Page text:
Christ instructed his followers that they cannot know the day or hour of his coming, and his followers have been ignoring the instruction ever since. Barely a single significant disaster or crime can pass without someone seeing it as a sign of the end of the world. All these predictions make for side-splitting comedy, though not simply because they are universally proven wrong, or because the predictors are habitually unfazed by the failure – all this is all a minor subplot in the great comedy. The great comedy is that such prophesy works from a view of history that is distinctively human, while any account of God’s return requires a view of history that is exclusively divine. Those who think they can predict the end of the world think that they can read such an account of history in Scripture, but in turning to the actual pages of Scripture, one gets a view of history which is utterly unlike anything a human being would write, and utterly unlike the sort of historical events that we think foretell the end of the world or the great workings of providence.
To understand this, consider the reasonable response to being told to teach a class on ancient history, or write a book on it. The product would be primarily a story of great powers, significant battles that determined the fate of these great powers, terrific calamities that affected millions, great works of art and culture, catastrophic falls and corruptions, etc. Turning to, say, the book of Genesis gives us almost nothing of this. By the time the book begins speaking in more or less plain historical terms, it is telling the story of a nomad who becomes a farmer, struggles with infertility, wins a battle that would be utterly forgotten by history if not for Scripture, and various other small sundry life events. The story goes on to tell stories of feigned prostitution, incest, the building of small altars, petty infighting and family squabbles, dating, shady business deals, familial reconciliations, etc. It was as if we asked God to write a book of contemporary American history and he comes back with a story of county politics in Tomah Wisconsin. Why is he telling us this story? In fact, was it even history at all when it was being written and heard? If your grandmother tells you the sorted and exciting story of your family tree, you don’t then to call her a historian for doing so. Even if all of granny’s details are true down to the last word, history requires a sort of obvious grandeur and public significance that her story does not have.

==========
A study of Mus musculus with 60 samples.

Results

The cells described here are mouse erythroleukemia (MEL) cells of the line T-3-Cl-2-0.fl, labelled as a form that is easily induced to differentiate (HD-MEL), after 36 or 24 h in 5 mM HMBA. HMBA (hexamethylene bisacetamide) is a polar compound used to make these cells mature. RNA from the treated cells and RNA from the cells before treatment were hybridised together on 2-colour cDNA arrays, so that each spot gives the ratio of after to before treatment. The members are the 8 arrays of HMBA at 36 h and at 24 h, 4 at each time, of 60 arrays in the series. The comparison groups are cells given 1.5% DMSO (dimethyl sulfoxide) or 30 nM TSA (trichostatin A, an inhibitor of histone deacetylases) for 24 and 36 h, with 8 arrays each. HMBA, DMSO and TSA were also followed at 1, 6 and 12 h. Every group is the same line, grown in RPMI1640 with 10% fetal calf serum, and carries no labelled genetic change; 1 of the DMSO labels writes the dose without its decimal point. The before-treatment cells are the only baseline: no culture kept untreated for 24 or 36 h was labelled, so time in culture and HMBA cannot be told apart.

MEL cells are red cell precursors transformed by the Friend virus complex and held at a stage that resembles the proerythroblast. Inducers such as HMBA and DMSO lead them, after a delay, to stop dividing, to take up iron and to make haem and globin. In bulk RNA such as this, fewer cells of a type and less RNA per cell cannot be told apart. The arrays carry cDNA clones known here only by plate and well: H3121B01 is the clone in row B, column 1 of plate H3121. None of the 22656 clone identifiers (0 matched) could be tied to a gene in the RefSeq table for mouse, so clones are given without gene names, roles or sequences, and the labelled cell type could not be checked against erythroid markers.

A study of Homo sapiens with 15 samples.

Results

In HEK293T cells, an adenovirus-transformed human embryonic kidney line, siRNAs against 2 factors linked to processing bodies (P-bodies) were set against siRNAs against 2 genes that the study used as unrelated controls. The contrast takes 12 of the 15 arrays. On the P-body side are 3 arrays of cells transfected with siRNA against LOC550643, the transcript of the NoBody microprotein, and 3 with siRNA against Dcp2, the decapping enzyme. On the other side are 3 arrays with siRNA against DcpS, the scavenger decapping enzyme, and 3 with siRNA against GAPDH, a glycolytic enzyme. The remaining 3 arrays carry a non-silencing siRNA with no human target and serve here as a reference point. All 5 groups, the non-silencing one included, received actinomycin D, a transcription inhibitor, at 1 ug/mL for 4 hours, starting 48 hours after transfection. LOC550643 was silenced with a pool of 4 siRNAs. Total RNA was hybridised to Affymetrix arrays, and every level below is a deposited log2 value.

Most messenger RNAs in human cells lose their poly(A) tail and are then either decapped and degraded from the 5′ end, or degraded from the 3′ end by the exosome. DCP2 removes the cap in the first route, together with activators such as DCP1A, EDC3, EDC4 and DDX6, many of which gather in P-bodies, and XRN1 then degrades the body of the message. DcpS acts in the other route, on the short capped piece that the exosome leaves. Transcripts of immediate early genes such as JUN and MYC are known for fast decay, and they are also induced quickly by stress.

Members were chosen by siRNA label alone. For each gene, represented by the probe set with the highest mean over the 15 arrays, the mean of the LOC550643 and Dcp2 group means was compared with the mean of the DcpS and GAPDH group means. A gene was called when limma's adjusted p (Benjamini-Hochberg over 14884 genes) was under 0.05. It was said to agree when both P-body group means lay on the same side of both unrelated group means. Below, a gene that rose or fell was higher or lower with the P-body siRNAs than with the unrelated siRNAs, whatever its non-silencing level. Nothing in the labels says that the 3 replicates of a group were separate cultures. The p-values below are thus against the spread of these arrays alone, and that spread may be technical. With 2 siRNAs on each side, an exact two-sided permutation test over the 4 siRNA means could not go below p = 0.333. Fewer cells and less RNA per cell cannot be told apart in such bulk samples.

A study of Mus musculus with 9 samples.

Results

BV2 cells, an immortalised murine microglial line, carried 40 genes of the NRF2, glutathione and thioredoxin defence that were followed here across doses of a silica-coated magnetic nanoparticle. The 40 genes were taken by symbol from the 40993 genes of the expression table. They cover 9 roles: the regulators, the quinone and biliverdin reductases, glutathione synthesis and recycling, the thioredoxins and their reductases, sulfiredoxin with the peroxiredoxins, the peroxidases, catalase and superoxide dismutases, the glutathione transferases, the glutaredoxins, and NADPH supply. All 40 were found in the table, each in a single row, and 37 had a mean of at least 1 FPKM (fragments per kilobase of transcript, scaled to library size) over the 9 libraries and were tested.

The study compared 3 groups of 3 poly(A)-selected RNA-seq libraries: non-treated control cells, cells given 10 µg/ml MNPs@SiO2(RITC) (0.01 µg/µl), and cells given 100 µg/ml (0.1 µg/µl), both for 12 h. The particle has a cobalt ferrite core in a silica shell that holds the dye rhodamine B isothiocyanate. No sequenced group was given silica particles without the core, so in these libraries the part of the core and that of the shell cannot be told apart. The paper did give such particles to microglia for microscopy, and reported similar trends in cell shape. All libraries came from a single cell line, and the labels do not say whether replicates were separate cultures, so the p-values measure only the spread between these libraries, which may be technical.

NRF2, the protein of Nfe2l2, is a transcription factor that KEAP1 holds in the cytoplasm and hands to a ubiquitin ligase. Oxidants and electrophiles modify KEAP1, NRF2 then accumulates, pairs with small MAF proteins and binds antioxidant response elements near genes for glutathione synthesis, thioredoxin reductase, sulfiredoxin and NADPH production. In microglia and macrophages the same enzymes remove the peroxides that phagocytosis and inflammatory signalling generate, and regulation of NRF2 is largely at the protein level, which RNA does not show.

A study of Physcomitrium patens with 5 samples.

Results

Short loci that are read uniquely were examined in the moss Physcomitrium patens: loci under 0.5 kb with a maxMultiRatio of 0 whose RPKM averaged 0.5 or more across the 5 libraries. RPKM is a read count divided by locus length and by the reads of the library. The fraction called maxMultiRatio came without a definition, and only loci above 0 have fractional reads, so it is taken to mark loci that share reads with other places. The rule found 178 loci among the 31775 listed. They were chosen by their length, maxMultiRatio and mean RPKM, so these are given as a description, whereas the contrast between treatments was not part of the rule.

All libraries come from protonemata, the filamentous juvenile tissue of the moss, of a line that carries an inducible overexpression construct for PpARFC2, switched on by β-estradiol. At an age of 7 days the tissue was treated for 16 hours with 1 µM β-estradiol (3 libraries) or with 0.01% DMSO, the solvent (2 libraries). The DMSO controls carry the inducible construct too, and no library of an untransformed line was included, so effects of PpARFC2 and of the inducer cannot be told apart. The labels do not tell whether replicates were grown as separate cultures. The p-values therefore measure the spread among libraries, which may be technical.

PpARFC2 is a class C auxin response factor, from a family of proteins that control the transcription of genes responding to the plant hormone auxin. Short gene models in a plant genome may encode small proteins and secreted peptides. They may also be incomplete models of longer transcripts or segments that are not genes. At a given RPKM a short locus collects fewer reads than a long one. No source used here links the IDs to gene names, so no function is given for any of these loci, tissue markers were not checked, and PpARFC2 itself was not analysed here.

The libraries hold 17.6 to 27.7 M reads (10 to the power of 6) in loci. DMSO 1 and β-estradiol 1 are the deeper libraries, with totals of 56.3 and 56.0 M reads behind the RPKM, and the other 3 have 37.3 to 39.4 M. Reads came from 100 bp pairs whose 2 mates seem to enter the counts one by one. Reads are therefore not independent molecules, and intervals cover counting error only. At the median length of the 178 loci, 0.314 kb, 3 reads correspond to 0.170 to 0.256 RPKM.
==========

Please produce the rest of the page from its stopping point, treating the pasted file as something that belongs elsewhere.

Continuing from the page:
But yet we constantly try to write our own divine histories with the sort of details that God never quite bothers with in his own histories. September 11 is the end of the world, we can find it in a bible code! Great event X was a punishment for the dramatic Federal action of doing Y, and for the large, well recognizable evil trends in our culture! There is widespread attrition in Church attendance, Jesus is coming soon! Kids and queers are having sex, this must be the end of the world! This is a view of history that would have skipped over Moses to tell the story of Ramses, skipped over Ezra to tell the story of Cyrus, and ignored Christ to tell us about Tiberius Caesar. We simply don’t have the kind of intellect required to tell a history that could situate the end of the world in contemporary events, in fact we don’t even have an intellect that is capable of understanding the prophesies of it concretely until after the fact.
There are also a few critics of Scripture that work from the same notion of history as those who think they can see the end of the world. Where is Arimathea? Where are the contemporary accounts of Mary Magdalen? Why don’t we have more evidence for the life of Christ? The reason is simple: to write about such persons was not to write history. What historian could teach a class on contemporary America by telling the story of his life in a small, break off religious sect?